Me encanta hornear.
Pues, en este momento, supongo que es más o menos obvio, ¿no?
Mañana Zach y yo darémos una presentación sobre El laberinto del fauno para nuestra clase de literatura española. Entonces, para que la haga la pelota a nuestra maestra, horeneamos alfajores, galletas tradicionalmente árabes que originaron en España, pareciéndose a gli canoli de Italia.
Hoy día, hay variedades a través de latinoamérica; las retratadas arriba se parecen a las de Argentina. Sin embargo, todas son absolutamente deliciosas.
Because what better way to get brownie points in Spanish 341 than by baking alfajores?
Yes, pun absolutely intended.
Alfajores are an Arabic confection that originated in southern Spain as early as the 12th century, back when the Moors inhabited the area. The original treat resembled a cylinder filled with creamy, sweet caramel, and over the years has been adapted into countless variations, though the original recipe remains pretty much the same: flour, honey, almonds, and spices.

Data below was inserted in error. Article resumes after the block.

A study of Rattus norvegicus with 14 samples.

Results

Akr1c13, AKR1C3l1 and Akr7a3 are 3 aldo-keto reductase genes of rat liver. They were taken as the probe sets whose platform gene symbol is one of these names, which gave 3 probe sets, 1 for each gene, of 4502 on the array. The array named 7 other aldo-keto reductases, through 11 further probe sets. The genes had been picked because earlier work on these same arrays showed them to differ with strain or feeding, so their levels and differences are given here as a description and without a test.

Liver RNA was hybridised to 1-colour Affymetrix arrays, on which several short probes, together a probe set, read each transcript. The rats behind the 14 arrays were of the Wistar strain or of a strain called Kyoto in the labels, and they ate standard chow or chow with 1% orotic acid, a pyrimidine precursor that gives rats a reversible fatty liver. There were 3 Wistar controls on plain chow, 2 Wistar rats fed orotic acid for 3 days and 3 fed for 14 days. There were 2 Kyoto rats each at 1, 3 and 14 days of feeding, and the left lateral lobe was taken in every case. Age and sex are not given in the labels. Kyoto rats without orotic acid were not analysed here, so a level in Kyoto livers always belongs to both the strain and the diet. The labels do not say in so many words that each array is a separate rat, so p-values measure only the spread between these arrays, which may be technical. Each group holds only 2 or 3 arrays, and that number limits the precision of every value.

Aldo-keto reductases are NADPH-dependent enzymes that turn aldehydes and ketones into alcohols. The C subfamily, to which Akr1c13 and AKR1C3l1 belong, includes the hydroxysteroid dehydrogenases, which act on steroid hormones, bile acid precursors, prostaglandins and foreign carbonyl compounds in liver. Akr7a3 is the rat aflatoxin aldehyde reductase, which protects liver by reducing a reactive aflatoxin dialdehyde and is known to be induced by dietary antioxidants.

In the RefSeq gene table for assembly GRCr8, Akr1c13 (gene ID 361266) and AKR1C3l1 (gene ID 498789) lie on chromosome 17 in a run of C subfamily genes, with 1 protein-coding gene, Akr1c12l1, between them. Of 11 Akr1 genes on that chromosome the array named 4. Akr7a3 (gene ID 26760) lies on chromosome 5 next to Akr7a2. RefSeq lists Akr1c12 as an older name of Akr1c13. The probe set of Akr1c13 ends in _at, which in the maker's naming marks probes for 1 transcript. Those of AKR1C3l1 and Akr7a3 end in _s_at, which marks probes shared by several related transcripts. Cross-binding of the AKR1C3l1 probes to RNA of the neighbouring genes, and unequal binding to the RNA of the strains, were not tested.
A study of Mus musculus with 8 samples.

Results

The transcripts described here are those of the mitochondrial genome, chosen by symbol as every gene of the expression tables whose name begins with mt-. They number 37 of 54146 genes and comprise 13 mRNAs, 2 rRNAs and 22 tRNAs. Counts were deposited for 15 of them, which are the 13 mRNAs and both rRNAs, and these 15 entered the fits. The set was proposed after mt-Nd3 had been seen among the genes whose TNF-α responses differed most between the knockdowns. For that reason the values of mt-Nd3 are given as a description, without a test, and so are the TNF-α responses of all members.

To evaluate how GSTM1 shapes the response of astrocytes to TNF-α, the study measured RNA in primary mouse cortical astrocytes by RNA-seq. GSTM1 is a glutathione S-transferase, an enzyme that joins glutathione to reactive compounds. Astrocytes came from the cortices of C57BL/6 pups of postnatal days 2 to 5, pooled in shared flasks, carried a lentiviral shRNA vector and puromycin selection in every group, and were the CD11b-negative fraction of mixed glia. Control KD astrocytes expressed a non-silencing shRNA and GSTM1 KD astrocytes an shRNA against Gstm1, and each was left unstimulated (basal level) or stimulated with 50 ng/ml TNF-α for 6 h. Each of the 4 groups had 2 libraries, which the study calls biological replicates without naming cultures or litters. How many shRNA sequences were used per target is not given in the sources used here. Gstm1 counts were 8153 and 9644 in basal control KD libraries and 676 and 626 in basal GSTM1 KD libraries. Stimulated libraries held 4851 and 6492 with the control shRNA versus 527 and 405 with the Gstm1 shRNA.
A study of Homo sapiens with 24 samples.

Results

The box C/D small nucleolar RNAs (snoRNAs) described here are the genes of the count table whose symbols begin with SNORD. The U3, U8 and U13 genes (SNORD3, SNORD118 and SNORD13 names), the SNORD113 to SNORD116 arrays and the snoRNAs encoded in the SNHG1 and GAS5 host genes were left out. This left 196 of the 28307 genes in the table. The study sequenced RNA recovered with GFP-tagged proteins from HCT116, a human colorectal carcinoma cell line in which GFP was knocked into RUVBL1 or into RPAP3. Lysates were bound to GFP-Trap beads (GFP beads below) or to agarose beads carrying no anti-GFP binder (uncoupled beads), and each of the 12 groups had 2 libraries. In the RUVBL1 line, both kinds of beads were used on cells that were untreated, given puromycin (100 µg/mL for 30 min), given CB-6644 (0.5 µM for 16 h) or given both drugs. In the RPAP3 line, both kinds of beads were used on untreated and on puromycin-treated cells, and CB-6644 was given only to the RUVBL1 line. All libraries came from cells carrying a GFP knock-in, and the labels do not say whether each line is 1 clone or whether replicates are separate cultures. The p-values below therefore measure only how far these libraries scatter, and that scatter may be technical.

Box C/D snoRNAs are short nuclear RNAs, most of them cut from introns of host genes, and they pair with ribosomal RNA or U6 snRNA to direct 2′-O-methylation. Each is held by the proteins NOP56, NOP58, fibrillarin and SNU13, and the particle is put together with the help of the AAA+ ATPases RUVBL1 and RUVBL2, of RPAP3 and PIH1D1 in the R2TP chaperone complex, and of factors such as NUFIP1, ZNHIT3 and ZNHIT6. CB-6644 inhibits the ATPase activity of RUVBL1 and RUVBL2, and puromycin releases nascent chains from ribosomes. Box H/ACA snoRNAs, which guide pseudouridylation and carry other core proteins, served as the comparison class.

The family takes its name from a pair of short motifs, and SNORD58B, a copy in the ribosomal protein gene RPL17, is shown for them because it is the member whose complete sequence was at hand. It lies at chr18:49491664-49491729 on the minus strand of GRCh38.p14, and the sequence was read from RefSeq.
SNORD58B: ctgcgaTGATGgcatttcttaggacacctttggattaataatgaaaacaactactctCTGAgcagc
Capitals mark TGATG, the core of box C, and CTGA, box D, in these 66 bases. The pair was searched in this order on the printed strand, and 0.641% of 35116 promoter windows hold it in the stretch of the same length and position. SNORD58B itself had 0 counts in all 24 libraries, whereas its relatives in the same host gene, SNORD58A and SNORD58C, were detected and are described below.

Without all of the innovative new ingredients brought by the Arabs, though, alfajores took on a totally different form in Latin America, where they are more or less two layers of cake with filling in between. The most common Latin American variation, the Argentinian alfajor, consists of two biscuits joined together with jam or dulce de leche and covered in a dusting of powdered sugar.
I'm not totally sure what alfajores have to do with Pan's Labyrinth, but then again, I'm not sure what Pan's Labyrinth has to do with modern Spanish literature. So they make a rudimentary pair, I'd say.
And besides, it was about time Zach was introduced to the magic that is dulce de leche.
And I've always wanted to make alfajores.
And they are one of the most delicious cookies I have ever eaten.
And that is not an exaggeration.
I think it'll be a pretty successful presentation.